Gaelic for 'horse': Falmouth pasture becomes Capall Creek Farm

  • Mail this page!
  • Delicious
  • 0

FALMOUTH — Kevin Smith is a self-described sports fanatic, particularly golf and hockey, who never imagined he would own a horse farm.

But when his daughter Abby fell in love with horses and began training with Amy Sterling, it seems fate intervened.

Not long after they met, Smith and Sterling fell in love and married.

As she got older, his daughter became more and more passionate about riding. His youngest daughter, Paige, also became interested in horses.

Last week, Smith officially became the owner of an iconic 79-acre farm on Route 100, where white fences meander over rolling hills, dotted with quarter horses.

“I bought it for my girls,” Smith said.

What was once a private farm, owned by Rick Lane, is slated to become a horse and people-filled community. The family business Smith now calls Capall Creek Farm will offer riding lessons, horse boarding, quarter-horse training, clinics and shows.

Capall, Smith said, is Gaelic for horse.

“We want this to be a place where kids can just come,” said Sterling, who is hoping to offer summer camps on the farm. She has already begun teaching a few students at the farm.

Before moving to Falmouth, Sterling owned a farm in Windham, where she gave riding lessons and trained horses for shows. Tragedy struck there in December 2008, when a fire destroyed the farm and killed eight horses.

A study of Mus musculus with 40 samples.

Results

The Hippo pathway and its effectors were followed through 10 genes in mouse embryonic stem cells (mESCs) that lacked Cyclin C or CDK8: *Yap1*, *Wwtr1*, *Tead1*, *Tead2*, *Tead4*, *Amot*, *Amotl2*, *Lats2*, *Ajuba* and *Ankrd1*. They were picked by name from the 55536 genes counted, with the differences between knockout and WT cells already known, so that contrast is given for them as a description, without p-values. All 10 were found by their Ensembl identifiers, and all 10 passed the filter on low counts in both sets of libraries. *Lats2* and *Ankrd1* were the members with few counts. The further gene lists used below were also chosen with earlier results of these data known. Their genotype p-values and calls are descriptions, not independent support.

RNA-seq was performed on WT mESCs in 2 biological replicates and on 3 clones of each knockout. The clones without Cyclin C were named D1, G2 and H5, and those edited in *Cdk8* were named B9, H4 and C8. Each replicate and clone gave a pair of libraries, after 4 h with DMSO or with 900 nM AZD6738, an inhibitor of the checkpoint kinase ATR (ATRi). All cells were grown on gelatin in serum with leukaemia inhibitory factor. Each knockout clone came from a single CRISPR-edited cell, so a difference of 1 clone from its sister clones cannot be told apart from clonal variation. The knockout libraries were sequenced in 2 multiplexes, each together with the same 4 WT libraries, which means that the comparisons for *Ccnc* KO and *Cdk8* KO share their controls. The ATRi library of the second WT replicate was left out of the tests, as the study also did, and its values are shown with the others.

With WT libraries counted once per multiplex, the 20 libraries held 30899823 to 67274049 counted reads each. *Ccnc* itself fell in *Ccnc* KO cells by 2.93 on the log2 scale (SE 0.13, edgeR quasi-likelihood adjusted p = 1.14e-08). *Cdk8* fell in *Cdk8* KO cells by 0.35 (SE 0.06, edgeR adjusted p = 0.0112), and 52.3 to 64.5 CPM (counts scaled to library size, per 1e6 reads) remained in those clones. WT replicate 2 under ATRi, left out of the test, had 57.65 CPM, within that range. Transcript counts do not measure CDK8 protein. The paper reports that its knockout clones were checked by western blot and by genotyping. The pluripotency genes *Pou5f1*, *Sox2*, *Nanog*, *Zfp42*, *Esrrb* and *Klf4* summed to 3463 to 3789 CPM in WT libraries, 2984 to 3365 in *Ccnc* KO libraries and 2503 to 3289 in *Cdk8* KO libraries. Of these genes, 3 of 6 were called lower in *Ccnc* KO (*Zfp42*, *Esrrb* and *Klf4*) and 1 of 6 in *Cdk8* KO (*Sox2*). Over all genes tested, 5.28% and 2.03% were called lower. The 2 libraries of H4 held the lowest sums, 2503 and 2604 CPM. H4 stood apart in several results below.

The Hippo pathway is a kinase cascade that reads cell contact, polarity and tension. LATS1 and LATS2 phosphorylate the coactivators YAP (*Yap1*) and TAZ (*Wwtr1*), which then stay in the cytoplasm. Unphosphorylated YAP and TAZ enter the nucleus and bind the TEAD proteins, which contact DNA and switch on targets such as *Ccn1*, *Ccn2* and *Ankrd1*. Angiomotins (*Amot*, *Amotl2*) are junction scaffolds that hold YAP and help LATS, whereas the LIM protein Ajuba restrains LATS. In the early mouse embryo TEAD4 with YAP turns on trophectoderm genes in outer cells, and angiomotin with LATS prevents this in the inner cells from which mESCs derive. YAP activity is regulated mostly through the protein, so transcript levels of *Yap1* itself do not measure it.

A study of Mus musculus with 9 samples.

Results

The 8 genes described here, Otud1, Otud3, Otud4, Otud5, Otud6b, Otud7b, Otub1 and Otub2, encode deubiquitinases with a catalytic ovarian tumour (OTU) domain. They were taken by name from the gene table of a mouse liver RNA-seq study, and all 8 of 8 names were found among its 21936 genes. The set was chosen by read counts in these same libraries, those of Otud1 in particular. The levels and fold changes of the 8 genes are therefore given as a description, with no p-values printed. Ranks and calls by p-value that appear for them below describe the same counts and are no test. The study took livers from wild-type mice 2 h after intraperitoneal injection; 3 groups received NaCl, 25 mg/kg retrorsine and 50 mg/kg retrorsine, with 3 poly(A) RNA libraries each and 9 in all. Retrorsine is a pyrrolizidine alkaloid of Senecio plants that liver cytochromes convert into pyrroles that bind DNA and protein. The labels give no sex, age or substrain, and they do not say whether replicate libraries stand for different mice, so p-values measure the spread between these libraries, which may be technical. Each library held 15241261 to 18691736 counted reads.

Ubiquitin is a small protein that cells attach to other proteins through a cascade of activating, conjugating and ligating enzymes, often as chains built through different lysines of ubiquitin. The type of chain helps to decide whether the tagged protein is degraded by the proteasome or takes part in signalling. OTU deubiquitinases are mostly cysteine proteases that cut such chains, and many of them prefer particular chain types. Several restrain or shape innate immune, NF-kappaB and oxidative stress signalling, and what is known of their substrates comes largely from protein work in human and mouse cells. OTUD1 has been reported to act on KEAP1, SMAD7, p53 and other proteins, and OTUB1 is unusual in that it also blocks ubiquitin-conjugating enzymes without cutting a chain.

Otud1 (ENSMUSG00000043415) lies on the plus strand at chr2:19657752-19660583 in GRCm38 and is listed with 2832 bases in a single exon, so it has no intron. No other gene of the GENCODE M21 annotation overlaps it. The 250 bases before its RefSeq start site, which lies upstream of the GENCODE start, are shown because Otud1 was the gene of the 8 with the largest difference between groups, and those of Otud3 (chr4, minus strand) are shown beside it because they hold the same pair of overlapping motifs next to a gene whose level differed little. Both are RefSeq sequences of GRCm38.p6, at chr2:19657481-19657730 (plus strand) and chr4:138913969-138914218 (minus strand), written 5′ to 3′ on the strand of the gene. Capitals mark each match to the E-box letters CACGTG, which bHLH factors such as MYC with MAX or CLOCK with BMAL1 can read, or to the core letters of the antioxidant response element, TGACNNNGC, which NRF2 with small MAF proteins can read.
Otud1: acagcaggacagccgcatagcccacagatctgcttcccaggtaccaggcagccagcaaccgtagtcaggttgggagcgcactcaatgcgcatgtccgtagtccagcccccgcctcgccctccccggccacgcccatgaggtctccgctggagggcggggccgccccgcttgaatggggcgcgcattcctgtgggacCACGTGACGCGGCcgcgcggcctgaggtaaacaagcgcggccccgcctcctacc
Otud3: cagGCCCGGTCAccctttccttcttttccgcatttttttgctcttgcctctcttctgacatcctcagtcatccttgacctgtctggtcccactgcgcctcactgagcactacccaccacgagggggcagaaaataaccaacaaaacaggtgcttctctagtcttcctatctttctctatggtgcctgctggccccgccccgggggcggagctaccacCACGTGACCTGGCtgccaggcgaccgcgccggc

Despite the loss, Sterling maintained her passion for training horses and the people who ride them.

“I’ve always loved working with youth. I think riding teaches them responsibility and passion,” Sterling said. “This is really good for all the kids.”

Canadian quarter-horse trainer Jeff Temple will join Sterling at the farm in October, bringing along eight to 10 horses.

Smith estimated that after they return from the annual American Quarter Horse Congress in October and get the farm fully up and running, they will have approximately 50 horses on the property.

In the old barn that sits right up next to Route 100, called the Mare Barn, they will house mares and foals, hopefully breeding show horses.

Smith said several people have already stopped by to ask if they board horses.

“Until now, people have had to go up to New Gloucester to board their horses,” said Smith. “There’s nothing like this in Falmouth.”

Abby Smith, who is now 12 years old, said she is excited to have her three best friends hang out at the farm with her. All of them are avid riders.

“Everybody in my family loves hockey, they’re all sports fans,” Abby said. “I kind of found my own thing.”

“She’s been putting in steady 12-hour days,” her father added.

As the family takes over the farm, everyone – from 22-year-old Andrew, who is designing the website, to 10-year-old Aidan, who is learning to mow the lawn, to 3-year-old Paige, who hauls corn and oats for the horses in her plastic wagon – is putting in overtime.

Even their dogs, Bogey and Skidder, spend days exploring the property, searching for new swamps to roll in.

The family recently laid new ground in the indoor show ring and are hauling hay for the winter.They have help from the previous owner, Lane, who will be boarding some of his horses at the farm.

“He said it was really emotional, he was selling his dream farm,” Sterling said. “And Kevin said, ‘yes, it’s really emotional. I’m buying my dream farm.'”

Emily Parkhurst can be reached at 781-3661 ext. 125 or [email protected]

Sidebar Elements

Kevin Smith and his daughter Paige, 3, say hello to one of the horses boarding at their farm on Route 100 in Falmouth. Smith bought the farm last week and will be turning it into a horse boarding and training business. His wife, Amy Sterling, and Canadian trainer Jeff Temple will offer lessons and training at the iconic Falmouth farm that Smith is calling Capall Creek Farm.